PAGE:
Sunday, January 4, 2015

Hotel Transylvania

Hotel Transylvania is an interesting film in terms of its history. Over the course of its production, taking place across several years before its final 2012 release, the project went through a few directors until finally Genndy Tartakovsky, the sixth and final director, would be brought in to finish it. Since I knew of Tartakovsky through Samurai Jack, Dexter’s Laboratory and the Star Wars: Clone Wars cartoon from 2003, I became somewhat curious about Hotel Transylvania, although Adam Sandler receiving top billing also had me a little worried (I think he can be really funny, but relies too much on appealing to the lowest common denominator). Still, I wouldn’t really have a chance to see it until after Christmas in 2014 (which I must now refer to as “last year”) to find out if it was actually any good. In some ways the movie was better than I thought it would be, but there are still some setbacks.

Over 100 years ago, Count Dracula (Adam Sandler) created Hotel Transylvania, a hotel deep within the dark forest of Transylvania where monsters can find refuge from hostile humans. In the present day, it is the 118th birthday of Dracula’s daughter, Mavis (Selena Gomez), and he wishes to make it her best birthday ever while at the same time discouraging her from interacting with the outside world. His plan is going smoothly until a 21-year-old human drifter named Jonathan (Andy Samberg) manages to wander inside. Dracula manages to keep the other monsters from noticing, but the situation worsens when Mavis and Jonathan, in disguise, begin to have feelings for each other. Now Dracula must try to prevent the two from falling in love while doing whatever he can to prevent the hotel’s residents from finding out that Jonathan is a human, which could jeopardize the future of the hotel.

Jonathan's arrival puts a wrench in Dracula's plans.

The story is paced pretty well and doesn’t waste much time developing itself. Dracula’s conflicts as a father and keeping Jonathan’s identity a secret are intertwined and drive the story forward in a way that feels meaningful, but the rest of the movie doesn’t feel as well done. The monster’s fear of the humans is ever-present, but only comes up from the hotel residents every once in a while until the third act, when it really feels important. Additionally, there’s really only one character, Quasimodo, who can be considered a villain, but his scenes don’t really amount to anything and he might as well have been cut from the movie. I feel like this may have been an artifact from earlier versions of the movie, one which Tartakovsky probably couldn’t iron out. On another note, it’s rather interesting how this movie features what is essentially a gathering of all the Universal movie monsters, even weaving in a lot of the mythology from their classic films, yet this occurs in a movie made by Sony.

Another artifact, or rather what can be seen as the stamp of Adam Sandler, is the unnecessary amount of crude humor, especially in the first act. I feel they could easily have cut out these instances, most of which involve bodily functions, and not really affect the flow of the movie at all. Apart from this type of humor, there are some genuine moments of hilarity to be found, though I didn’t really laugh out loud the whole time. These moments are also balanced with more dramatic or touching moments, though I didn’t really feel completely invested on an emotional level. I understood what Mavis and Jonathan were going through when trying to develop a relationship, but I personally wasn’t engaged.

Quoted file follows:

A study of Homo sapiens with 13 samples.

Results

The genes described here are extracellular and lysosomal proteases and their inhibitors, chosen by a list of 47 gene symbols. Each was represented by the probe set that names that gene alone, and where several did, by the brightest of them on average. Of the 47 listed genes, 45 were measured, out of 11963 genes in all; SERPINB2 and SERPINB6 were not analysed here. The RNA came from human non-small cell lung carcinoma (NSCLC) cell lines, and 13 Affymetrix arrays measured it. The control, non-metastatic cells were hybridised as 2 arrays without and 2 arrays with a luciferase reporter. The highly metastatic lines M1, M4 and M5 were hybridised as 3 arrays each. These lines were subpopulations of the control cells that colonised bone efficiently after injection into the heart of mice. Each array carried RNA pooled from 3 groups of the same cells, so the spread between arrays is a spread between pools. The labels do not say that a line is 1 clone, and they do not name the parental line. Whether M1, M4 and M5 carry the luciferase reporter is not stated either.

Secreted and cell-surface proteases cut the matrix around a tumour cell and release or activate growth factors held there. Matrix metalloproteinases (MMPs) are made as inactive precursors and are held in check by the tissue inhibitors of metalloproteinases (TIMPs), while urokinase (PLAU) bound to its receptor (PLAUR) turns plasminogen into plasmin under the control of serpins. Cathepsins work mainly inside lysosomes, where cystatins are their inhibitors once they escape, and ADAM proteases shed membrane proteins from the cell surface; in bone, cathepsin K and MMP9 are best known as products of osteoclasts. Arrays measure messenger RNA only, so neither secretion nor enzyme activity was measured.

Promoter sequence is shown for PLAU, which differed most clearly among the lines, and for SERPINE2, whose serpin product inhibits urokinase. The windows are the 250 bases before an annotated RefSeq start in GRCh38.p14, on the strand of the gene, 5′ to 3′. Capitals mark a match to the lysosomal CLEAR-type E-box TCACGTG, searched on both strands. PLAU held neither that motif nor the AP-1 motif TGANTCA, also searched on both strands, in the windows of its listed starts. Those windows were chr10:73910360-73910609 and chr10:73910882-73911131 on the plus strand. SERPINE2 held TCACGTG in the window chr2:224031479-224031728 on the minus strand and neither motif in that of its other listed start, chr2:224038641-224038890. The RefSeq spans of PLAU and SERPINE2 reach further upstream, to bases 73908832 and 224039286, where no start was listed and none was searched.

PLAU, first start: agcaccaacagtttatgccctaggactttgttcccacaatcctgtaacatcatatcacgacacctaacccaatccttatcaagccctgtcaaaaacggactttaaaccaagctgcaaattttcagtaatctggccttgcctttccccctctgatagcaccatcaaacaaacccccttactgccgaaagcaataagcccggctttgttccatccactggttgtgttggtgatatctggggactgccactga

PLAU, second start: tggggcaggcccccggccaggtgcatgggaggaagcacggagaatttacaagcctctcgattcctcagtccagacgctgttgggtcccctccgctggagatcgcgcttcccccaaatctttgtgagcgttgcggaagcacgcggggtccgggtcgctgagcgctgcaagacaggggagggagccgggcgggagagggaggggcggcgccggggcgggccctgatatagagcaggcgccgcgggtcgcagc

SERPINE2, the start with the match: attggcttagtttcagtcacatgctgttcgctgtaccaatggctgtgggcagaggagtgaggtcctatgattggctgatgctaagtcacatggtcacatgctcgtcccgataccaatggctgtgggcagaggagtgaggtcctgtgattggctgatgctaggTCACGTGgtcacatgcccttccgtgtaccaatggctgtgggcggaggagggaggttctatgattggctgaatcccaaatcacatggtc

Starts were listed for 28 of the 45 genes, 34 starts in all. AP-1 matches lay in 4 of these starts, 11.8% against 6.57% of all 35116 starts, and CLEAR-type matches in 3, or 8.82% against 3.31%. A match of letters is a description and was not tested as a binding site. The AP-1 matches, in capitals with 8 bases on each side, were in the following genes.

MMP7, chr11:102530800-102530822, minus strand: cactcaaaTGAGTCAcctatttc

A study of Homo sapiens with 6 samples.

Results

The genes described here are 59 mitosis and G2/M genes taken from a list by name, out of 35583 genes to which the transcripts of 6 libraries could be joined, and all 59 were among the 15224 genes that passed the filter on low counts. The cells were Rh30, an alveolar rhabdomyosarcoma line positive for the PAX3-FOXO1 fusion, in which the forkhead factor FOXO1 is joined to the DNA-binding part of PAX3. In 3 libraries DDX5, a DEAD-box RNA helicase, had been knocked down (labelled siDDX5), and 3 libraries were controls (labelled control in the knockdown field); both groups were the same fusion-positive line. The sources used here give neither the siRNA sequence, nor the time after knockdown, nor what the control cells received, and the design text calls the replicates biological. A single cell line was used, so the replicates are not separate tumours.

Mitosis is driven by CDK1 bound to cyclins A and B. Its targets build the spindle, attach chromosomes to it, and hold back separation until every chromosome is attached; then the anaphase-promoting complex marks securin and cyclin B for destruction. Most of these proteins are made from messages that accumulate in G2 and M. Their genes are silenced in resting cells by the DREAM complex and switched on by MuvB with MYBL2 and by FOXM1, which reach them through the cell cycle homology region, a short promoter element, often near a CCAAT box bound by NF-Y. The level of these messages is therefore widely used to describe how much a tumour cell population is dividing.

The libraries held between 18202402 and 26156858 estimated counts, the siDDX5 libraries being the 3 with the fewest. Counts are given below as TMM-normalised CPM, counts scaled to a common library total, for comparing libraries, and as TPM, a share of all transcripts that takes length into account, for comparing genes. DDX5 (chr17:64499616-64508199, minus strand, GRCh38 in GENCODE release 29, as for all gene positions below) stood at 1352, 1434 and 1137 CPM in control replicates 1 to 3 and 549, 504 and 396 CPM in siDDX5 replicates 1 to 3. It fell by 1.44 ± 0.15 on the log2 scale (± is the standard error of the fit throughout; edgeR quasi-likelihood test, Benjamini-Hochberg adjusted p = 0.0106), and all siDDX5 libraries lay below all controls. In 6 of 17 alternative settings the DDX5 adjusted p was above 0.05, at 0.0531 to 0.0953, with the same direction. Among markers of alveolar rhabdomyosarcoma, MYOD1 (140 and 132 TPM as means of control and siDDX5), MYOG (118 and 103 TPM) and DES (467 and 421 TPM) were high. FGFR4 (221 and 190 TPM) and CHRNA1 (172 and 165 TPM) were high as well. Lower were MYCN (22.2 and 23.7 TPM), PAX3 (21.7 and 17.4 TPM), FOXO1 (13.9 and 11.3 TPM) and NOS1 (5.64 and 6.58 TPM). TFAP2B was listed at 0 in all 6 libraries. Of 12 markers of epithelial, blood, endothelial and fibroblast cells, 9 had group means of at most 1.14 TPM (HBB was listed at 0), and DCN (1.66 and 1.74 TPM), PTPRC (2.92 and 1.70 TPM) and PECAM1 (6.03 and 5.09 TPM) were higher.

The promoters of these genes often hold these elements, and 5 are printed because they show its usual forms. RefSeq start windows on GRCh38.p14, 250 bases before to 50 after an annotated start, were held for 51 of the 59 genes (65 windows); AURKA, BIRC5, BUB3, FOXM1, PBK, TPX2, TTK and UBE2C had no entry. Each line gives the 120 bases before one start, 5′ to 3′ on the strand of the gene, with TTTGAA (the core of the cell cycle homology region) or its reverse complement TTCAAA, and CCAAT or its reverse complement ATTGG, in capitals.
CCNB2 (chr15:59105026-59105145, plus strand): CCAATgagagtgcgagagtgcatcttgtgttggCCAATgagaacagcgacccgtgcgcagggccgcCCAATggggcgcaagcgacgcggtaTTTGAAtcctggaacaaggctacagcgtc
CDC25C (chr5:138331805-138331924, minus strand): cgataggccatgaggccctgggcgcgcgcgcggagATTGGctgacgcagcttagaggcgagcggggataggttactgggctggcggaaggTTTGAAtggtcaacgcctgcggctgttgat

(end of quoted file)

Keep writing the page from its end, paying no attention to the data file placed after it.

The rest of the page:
Jonathan (left) and Mavis (right) have good chemistry, but it wasn't too engaging.

What’s really good about this movie is the highly expressive animation. Though created in CG, it has the feeling of traditional animation, specifically of the more cartoonish variety, with classic squash and stretch animation. The art style doesn’t feel like the more recognizable Disney/Pixar or Dreamworks styles, but rather that of Genndy Tartakovsky translated to three dimensions while still appearing to have weight. This art style also allows for plenty of detail to appear in the characters and backgrounds, so if one were to look for something new, they might find it.

It can be difficult to discuss the minutia of voice acting, but for this film I think everyone did a good job. Adam Sandler gives a rather good performance as Dracula, especially since he doesn’t really sound like himself when speaking and demonstrates a good emotional range. Similarly, Andy Samberg is able to show range in his voice, particularly since the character of Jonathan matches his style of humor more closely. I also thought Selena Gomez did well as Mavis, enough to show some promise as a future voice actor by conveying a teenager’s behavior rather well. The supporting cast, which includes Kevin James, Steve Buschemi and CeeLo Green among others, also give decent performances that help to round off the rest of the characters. One may also find the score of Mark Mothersbaugh to be fitting for each scene it appears in, though the appearance of other original and popular songs can be enough to drown it out.

Hotel Transylvania is surprisingly well done considering that it went through six directors to be completed, but the long production is also evident in the finished product. The story is well-paced and solidly written, but I couldn’t find myself invested too heavily in what went on and there are some artifacts in the form of half-baked plot elements and unnecessary crude humor. However, the animation is very good and the voice acting is rather decent. I’d say this is a movie that’s great for families to watch, as well as fans of Genndy Tartakovski. Since the inevitable sequel is on the way, I may check it out, but I’m not really sure I’d check back in immediately.